My comic store's first ever Kingdom Hearts card game demo/tournament did actually happen today, and Josh and I were in attendance. We only had six people playing (including the store co-owner who was running the event), but I've been at Origins events that were far worse.
I had not played the game prior to today, but I did build a deck and read through the rulebook. It is a very simple game, with a pleasant amount of card types that are mostly all playable through some easy mathematical triggers. Like, you have to have a magic-user with a skill of 3 or greater to play a level 3 magic card, that sort of thing. Mainly, I was here for the free demo deck and promo card.
Although there are some definite theme-breakers in the card game (like keyblade cards being reduced to one-off attack bonuses, booo), one thing that the card game gets exactly right is the weird juxtaposition of Disney characters and a serious, moderated presentation. The Kingdom Hearts video games are, for me, most notable because they offer a shared-universe, philosophically-heavy, non-frivolous view of the Disney films. We're all very used to the Thanksgiving Parade version of Disney, where ridiculous costumes gad about in insulting synchronized dances designed to remind you to spend money at the Disney parks while the brain-dead co-hosts muddle through animal puns cribbed from a Dixie cup... but Kingdom Hearts reminds the player that all of this Mickey Mouse marketing avalanche was elaborated out of a pile of damn good movies. Kingdom Hearts returns you to the upstream source of what made the Disney company great. The card game designers were very cognizant of this, and it shows in the game's graphic layouts and overall design.
What is most exciting about the Kingdom Hearts TCG is that this is only the beginning. Japan has already had like seven expansion sets, so I can't wait to see what additional layers of complexity will overlay this simple debut edition. There is obviously a lot of material yet to be mined: Organization XIII, Riku and Kairi, the princesses, sequel summons like Chicken Little and Stitch, the Final Fantasy characters, and plenty of untapped movie worlds (Tron, Steamboat Willie, Pirates, Mulan, Beauty and the Beast, Winnie the Pooh, etc).
Unfortunately, I did not fare so well in the tournament...
We did three rounds and I lost each time. And I had even brought my own deck! Josh played with two demo decks mashed together, and he also scored a L-L-L.
My games were all close, with me getting my opponent down to 1 or 2 or 3 life every time... but my real excuse for losing is that we were all tripped up on a stupid vague rule, and all three of my opponents were able to take advantage of it. If I could have, I would have as well, so I don't blame them... I just think it was a bad interpretation of something the rulebook doesn't explain very well.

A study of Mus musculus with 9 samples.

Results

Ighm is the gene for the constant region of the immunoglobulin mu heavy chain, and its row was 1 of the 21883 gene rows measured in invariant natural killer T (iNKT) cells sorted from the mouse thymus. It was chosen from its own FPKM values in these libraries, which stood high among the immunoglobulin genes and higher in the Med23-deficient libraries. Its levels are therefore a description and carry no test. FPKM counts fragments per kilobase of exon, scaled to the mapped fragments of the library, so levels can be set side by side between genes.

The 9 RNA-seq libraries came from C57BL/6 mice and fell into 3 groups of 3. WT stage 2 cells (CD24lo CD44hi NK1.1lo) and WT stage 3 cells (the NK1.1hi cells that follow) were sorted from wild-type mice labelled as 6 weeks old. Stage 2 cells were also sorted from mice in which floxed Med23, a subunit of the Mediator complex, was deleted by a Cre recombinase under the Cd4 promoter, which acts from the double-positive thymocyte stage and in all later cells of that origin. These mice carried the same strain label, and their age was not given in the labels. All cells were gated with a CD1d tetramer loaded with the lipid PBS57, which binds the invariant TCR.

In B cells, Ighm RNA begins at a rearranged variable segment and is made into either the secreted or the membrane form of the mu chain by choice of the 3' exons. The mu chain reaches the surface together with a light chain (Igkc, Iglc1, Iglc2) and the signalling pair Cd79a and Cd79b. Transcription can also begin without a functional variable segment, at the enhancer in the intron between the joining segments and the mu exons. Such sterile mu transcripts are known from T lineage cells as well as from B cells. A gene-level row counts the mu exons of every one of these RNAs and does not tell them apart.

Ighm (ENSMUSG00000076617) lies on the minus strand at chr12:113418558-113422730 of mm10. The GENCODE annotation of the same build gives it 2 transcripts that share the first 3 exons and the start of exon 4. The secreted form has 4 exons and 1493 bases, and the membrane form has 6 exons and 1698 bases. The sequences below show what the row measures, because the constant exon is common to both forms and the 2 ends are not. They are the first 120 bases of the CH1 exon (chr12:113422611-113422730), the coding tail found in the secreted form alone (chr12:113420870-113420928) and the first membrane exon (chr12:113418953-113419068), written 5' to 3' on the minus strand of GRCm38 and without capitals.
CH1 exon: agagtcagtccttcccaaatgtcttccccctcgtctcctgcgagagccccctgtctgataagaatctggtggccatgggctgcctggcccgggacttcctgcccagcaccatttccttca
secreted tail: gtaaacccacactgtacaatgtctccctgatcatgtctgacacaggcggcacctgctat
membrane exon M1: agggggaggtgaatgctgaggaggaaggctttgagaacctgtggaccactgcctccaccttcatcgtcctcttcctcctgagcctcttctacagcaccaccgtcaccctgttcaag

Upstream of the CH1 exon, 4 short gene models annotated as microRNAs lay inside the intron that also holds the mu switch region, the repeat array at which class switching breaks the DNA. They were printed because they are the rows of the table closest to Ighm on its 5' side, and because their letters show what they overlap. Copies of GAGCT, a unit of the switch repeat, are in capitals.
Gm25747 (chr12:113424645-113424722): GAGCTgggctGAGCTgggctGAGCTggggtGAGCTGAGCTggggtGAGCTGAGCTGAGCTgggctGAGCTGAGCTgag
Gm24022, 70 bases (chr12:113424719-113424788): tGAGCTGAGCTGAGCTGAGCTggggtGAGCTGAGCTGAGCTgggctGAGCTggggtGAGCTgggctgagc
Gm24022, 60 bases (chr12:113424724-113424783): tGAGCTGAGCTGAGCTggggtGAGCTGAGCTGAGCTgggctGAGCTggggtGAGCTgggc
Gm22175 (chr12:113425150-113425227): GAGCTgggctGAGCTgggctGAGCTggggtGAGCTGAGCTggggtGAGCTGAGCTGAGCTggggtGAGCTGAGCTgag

The situation was this: do Magic/Friend cards count as magical attacks? The ruling we played under was that they are. I did not agree with this, but I did not press the issue.
There is this big bad Heartless (the Gargoyle) who can only be killed by magic attacks... magic attacks being spell cards that require a magic-user Friend to play and then do X magic damage to the enemy. Generally speaking, if you're confronted with a Gargoyle and you don't have any magic cards in hand, you should probably just lump it and escape the battle. Magic/Friend cards, on the other had, are cards that require a magic-user to play, but then sit on the table as Friend cards that vanish at the end of the turn. Magic/Friend cards have an attack value and a magic value... but it's the ATTACK value that you add to Sora's attack, not the magic value. This says to me that, once played, Magic/Friend cards are not, in and of themselves, providing a magical attack. They could act as a magic-user and play magic cards, but if you use them personally in the battle, they boost Sora's attack, not his magic.
In every game, I dropped the Gargoyle on my opponent, and, after that initial flawed (IMO) resolution, my opponent got around the Gargoyle by having a Magic/Friend (big hitters Genie or Simba) combo with Sora's attack to kill it. I'm pretty sure I would have won some of my matches if this ruling had not gone the way it did. But the rulebook is not clear on this issue. I hated to contest the ruling because, well, it would have clearly benefitted me and I'm just not that aggressive a player with strangers. Although should Josh and I and others play this game, I'm going to argue my case and get that shit fixed.
UPDATE: I'm right. Now I'm pissed.
Here's the promo card:
Sora, in Halloween Town guise. Bizarre re-do of the card layout though... the stats are nothing like the design on a regular player card. And, hilariously, his Attack/Magic values are on the wrong colors, which could lead one to think that the numbers are reversed.
This initial set is not a very large card pool (only 60-some cards) so after one starter and twelve boosters, I am done buying cards already. I hear that the first expansion set is out early next year, so I will be watching the game's website for announcements.
Be warned, this game has one of those obnoxious deals where you're supposed to clip proof-of-purchases off your booster wrappers in the vain hope that someday the company will provide a way to redeem them for something. This only results in me keeping dictionary-definition trash in my house, and I hate that about me.